Tuesday, September 18, 2018

Hydrogen Powered Train Debuts in Germany with a Taste of the Future

1,000 Kilometres a Day on One Fill Up
Shipping News Feature
GERMANY – Germany has introduced the world's first hydrogen fuel cell train into its passenger service in Lower Saxony, as the industry looks to more sustainable and eco-friendly technologies to replace the current diesel trains. The Coradia iLint, built by Alstom in Salzgitter, Germany, is equipped with fuel cells which convert hydrogen and oxygen into electricity, eliminating pollutant emissions related to propulsion. Henri Poupart-Lafarge, Chairman and CEO of Alstom, commented:

"This is a revolution for Alstom and for the future of mobility. The world’s first hydrogen fuel cell train is entering passenger service and is ready for serial production. The Coradia iLint heralds a new era in emission-free rail transport. It is an innovation that results from French-German teamwork and exemplifies successful cross-border cooperation.”

Since September 17, the Coradia iLint trains have been in operation on a nearly 100 kilometre route running between Cuxhaven, Bremerhaven, Bremervörde and Buxtehude, replacing the existing diesel trains on the Northern German route. The low-noise, zero-emission trains which can reach speeds of up to 140 km/h, will be fuelled at a mobile hydrogen filling station where the hydrogen in a gaseous form will be pumped into the trains from a 40-foot-high steel container next to the tracks at Bremervörde station. This will allow the train to ply the network for an entire day, equal to around 1,000 kilometres, on a single tank of hydrogen.

A stationary filling station on the premises of transport authority EVB is scheduled to go into operation in 2021, when Alstom will also deliver a further 14 Coradia iLint trains to the Local Transport Authority of Lower Saxony (LNVG) which purchased the trains last year for more than €81 million.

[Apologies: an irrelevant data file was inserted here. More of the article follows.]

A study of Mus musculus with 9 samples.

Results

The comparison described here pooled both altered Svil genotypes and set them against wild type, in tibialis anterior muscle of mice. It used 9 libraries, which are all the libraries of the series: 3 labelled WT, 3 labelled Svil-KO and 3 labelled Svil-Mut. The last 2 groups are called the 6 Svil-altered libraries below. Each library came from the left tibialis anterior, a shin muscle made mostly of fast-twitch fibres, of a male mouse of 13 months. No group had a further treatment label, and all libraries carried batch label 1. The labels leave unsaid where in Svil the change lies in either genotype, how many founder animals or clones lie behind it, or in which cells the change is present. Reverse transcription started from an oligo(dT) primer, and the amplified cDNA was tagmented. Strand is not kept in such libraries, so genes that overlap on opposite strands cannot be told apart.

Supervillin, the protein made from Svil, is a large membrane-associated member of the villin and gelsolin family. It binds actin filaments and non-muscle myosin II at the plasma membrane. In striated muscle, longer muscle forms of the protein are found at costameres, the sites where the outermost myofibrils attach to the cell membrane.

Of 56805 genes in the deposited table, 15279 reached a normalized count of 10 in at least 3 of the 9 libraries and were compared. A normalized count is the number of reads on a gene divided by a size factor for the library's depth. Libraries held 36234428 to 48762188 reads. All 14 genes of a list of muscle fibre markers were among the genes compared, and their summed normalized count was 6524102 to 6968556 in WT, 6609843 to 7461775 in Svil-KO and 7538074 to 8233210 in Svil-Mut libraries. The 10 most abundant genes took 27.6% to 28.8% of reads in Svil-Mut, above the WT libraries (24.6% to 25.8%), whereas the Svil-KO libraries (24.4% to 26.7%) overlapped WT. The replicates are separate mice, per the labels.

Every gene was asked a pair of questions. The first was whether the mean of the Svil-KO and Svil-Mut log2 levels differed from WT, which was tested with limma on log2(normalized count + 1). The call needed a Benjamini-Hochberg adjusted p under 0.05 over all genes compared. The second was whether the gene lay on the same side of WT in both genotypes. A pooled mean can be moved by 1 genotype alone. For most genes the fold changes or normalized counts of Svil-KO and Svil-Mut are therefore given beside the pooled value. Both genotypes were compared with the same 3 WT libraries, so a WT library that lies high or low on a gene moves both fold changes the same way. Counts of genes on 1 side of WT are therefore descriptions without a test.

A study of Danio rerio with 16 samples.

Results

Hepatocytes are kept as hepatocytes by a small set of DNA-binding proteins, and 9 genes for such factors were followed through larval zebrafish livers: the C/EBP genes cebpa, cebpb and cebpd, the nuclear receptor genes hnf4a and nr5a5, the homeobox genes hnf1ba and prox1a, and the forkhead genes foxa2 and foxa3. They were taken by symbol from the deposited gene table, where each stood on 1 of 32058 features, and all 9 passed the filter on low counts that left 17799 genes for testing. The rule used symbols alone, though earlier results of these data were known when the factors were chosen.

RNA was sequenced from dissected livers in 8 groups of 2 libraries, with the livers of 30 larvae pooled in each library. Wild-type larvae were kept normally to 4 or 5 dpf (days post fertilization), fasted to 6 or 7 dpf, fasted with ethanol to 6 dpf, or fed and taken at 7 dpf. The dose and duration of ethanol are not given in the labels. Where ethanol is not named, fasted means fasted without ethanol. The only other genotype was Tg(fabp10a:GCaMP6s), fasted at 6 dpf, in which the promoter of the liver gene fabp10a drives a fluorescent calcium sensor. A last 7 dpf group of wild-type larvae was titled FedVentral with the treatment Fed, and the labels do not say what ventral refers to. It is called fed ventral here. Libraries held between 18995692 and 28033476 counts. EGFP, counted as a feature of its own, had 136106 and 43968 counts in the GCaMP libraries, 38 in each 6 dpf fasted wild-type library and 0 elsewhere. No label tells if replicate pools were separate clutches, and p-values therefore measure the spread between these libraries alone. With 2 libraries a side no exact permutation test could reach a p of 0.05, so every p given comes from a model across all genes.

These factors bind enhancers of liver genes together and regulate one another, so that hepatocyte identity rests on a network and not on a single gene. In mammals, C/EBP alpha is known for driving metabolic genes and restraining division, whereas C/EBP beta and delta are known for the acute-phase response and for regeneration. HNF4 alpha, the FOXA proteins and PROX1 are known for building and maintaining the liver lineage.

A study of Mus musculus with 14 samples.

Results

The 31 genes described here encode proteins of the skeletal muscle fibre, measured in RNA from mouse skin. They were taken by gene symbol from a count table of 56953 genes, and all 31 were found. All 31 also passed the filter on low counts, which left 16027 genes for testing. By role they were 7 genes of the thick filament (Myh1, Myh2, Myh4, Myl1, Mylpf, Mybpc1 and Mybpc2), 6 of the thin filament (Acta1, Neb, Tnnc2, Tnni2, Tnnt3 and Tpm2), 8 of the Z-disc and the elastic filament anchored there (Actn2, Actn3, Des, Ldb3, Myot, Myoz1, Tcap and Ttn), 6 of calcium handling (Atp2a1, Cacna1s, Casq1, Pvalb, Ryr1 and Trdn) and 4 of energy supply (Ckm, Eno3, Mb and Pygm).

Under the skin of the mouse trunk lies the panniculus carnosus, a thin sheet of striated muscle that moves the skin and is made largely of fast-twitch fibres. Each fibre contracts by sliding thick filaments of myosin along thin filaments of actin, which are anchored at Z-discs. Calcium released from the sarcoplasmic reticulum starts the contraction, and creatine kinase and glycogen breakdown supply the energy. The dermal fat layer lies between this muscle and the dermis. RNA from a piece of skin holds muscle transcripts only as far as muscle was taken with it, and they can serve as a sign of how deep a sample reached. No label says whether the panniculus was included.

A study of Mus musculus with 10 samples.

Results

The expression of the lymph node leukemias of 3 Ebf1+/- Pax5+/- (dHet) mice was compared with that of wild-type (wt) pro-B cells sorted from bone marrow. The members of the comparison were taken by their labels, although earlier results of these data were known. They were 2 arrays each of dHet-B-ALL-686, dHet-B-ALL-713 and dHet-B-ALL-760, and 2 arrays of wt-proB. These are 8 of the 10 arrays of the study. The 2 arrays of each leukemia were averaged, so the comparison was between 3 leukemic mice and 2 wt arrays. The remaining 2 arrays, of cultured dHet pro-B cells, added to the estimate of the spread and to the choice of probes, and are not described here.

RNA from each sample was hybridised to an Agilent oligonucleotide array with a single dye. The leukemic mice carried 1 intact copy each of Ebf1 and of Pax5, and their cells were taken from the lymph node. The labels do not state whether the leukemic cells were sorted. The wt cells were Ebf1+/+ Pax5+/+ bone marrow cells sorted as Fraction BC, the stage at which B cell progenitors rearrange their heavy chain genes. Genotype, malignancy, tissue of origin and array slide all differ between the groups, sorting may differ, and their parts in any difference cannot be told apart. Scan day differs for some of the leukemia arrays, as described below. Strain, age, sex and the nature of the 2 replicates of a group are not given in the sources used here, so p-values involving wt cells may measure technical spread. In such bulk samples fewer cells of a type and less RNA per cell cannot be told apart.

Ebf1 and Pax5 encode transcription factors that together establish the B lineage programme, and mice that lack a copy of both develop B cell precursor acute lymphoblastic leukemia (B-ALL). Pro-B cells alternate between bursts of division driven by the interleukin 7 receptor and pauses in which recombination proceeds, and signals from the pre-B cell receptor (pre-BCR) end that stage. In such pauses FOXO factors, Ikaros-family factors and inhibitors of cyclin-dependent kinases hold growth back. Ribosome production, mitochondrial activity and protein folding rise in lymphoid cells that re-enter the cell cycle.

The German federal government has actively supported the development and testing of the new drive technology in Lower Saxony by providing funds from the National Innovation Programme for Hydrogen and Fuel Cell Technology. Enak Ferlemann, Federal Government Commissioner for Rail Transport and Parliamentary State Secretary of the Federal Ministry of Transport and Digital Infrastructure, summerised:

“A world premiere in Germany. We are putting the first passenger train with fuel cell technology on the track. This is a strong sign for the mobility of the future. Hydrogen is a real, low-emission and efficient alternative to diesel. These trains can be operated cleanly and in an environmentally friendly way, especially on secondary lines where overhead lines are uneconomical or not available yet. He therefore support and fund this technology, in order to expand it.”

This latest advance is likely to have ramifications far beyond Lower Saxony. Many people feel hydrogen power is being resisted by both fuel suppliers and governments, both which fear loss of revenue. Technology, like nature, often finds a way and the gas has both advantages, and some drawbacks, particularly its flammability, compared to electricity and other ‘acceptable’ alternative fuels.

With hydrogen powered trucks already being tested by several of the major manufacturers, the methods to produce the gas cheaply and in quantity are already in the spotlight, despite some like Tesla boss Elon Musk decrying its suitability and many feel that this time we are really looking at the fuel of the future.